Microsoft Caves To Public Pressure Over Xbox One

By Mike Wheeler

Having recently announced to huge fanfare the release of the Xbox One gaming console, Microsoft has back tracked on two of the most controversial aspects of the device.

By Mike Wheeler

Having recently announced to huge fanfare the release of the Xbox One gaming console, Microsoft has back tracked on two of the most controversial aspects of the device.

The first Microsoft console to hit the stores after seven years, it drew complaints from fans because you had to have an internet connection to use it, and there would be no backward compatibility for your games – in other words games bought for your Xbox 360 wouldn’t work on it, so reselling and sharing games would be impossible, not to mention that publishers would slowly faze out 360 versions of games, leaving fans of that console in no man’s land.

Today Microsoft’s head of Interactive Entertainment Business announced a U-turn on his blog stating:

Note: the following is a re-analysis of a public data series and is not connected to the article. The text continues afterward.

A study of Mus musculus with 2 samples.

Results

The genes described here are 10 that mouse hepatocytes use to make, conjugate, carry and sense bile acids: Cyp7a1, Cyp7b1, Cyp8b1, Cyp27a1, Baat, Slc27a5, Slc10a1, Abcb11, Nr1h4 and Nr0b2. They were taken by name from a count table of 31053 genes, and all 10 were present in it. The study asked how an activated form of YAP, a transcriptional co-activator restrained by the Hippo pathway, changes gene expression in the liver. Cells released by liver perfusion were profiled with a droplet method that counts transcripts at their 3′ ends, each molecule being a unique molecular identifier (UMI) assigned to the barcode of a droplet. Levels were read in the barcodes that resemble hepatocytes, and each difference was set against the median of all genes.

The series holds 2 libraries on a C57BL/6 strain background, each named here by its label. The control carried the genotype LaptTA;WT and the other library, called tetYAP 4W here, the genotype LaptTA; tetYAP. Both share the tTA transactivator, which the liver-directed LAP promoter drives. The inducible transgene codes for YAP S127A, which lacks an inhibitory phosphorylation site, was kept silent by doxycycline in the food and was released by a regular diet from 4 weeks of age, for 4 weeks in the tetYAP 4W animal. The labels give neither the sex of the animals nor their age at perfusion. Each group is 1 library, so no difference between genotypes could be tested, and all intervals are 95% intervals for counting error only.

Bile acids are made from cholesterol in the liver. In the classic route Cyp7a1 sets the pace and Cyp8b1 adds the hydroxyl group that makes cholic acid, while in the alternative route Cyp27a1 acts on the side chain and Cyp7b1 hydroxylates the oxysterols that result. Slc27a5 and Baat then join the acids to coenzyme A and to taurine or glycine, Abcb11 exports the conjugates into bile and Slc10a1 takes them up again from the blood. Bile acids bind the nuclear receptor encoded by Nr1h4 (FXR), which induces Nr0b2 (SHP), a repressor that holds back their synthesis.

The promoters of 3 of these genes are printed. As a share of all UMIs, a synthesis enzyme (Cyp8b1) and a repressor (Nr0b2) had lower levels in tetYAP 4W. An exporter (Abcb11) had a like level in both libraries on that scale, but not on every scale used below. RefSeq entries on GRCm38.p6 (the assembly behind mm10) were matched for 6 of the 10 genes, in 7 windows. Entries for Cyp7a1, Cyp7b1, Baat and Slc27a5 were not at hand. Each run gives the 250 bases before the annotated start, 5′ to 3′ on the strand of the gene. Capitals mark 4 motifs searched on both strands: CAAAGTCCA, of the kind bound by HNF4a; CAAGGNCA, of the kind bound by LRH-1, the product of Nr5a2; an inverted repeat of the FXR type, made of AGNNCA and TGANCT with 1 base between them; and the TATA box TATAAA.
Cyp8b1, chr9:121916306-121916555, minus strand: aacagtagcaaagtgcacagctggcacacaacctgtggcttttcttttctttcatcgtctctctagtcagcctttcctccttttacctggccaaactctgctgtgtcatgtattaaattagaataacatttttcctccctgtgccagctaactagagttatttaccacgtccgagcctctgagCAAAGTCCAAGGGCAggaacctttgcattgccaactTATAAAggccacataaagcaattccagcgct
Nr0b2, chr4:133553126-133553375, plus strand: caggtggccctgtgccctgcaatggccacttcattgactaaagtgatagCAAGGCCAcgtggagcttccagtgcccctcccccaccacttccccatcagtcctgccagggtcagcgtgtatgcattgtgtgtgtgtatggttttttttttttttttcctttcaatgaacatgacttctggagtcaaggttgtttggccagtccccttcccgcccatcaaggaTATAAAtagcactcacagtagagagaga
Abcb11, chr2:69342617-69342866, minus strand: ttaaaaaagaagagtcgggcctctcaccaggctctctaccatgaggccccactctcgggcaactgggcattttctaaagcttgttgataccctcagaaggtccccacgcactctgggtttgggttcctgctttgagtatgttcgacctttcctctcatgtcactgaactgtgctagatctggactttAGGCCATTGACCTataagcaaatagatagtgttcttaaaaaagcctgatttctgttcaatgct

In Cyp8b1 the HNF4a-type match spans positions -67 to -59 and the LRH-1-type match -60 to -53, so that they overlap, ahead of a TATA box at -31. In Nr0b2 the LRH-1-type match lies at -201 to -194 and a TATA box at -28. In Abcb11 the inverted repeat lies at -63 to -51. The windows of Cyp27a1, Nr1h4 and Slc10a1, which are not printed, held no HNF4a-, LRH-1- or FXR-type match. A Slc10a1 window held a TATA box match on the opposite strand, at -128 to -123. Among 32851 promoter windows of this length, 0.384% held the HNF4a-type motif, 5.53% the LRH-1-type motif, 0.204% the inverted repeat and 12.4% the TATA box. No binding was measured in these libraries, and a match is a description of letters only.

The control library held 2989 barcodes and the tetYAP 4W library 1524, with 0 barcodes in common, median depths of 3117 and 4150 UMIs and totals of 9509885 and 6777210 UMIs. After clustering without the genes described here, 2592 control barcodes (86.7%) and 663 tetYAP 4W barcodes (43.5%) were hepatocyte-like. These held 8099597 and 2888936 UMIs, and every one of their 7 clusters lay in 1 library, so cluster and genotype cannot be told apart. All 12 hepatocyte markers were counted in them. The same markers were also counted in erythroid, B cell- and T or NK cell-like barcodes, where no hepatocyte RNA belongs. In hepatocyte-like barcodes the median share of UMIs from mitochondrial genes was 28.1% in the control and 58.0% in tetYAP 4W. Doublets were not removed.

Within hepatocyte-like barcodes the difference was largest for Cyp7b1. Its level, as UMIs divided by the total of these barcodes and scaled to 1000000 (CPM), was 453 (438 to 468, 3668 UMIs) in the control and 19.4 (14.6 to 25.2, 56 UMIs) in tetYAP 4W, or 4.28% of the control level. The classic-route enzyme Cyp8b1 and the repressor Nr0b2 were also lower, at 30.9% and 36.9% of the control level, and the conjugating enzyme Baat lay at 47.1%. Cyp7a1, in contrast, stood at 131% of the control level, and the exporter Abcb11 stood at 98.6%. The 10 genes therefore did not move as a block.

Since unveiling our plans for Xbox One, my team and I have heard directly from many of you, read your comments and listened to your feedback. I would like to take the opportunity today to thank you for your assistance in helping us to reshape the future of Xbox One. So, today I am announcing the following changes to Xbox One and how you can play, share, lend, and resell your games exactly as you do today on Xbox 360. Here is what that means:

  • An internet connection will not be required to play offline Xbox One games – After a one-time system set-up with a new Xbox One, you can play any disc based game without ever connecting online again. There is no 24 hour connection requirement and you can take your Xbox One anywhere you want and play your games, just like on Xbox 360.
  • Trade-in, lend, resell, gift, and rent disc based games just like you do today – There will be no limitations to using and sharing games, it will work just as it does today on Xbox 360.

In other words, he is saying that they got it wrong and they have listened to the people that matter – consumers who buy their product.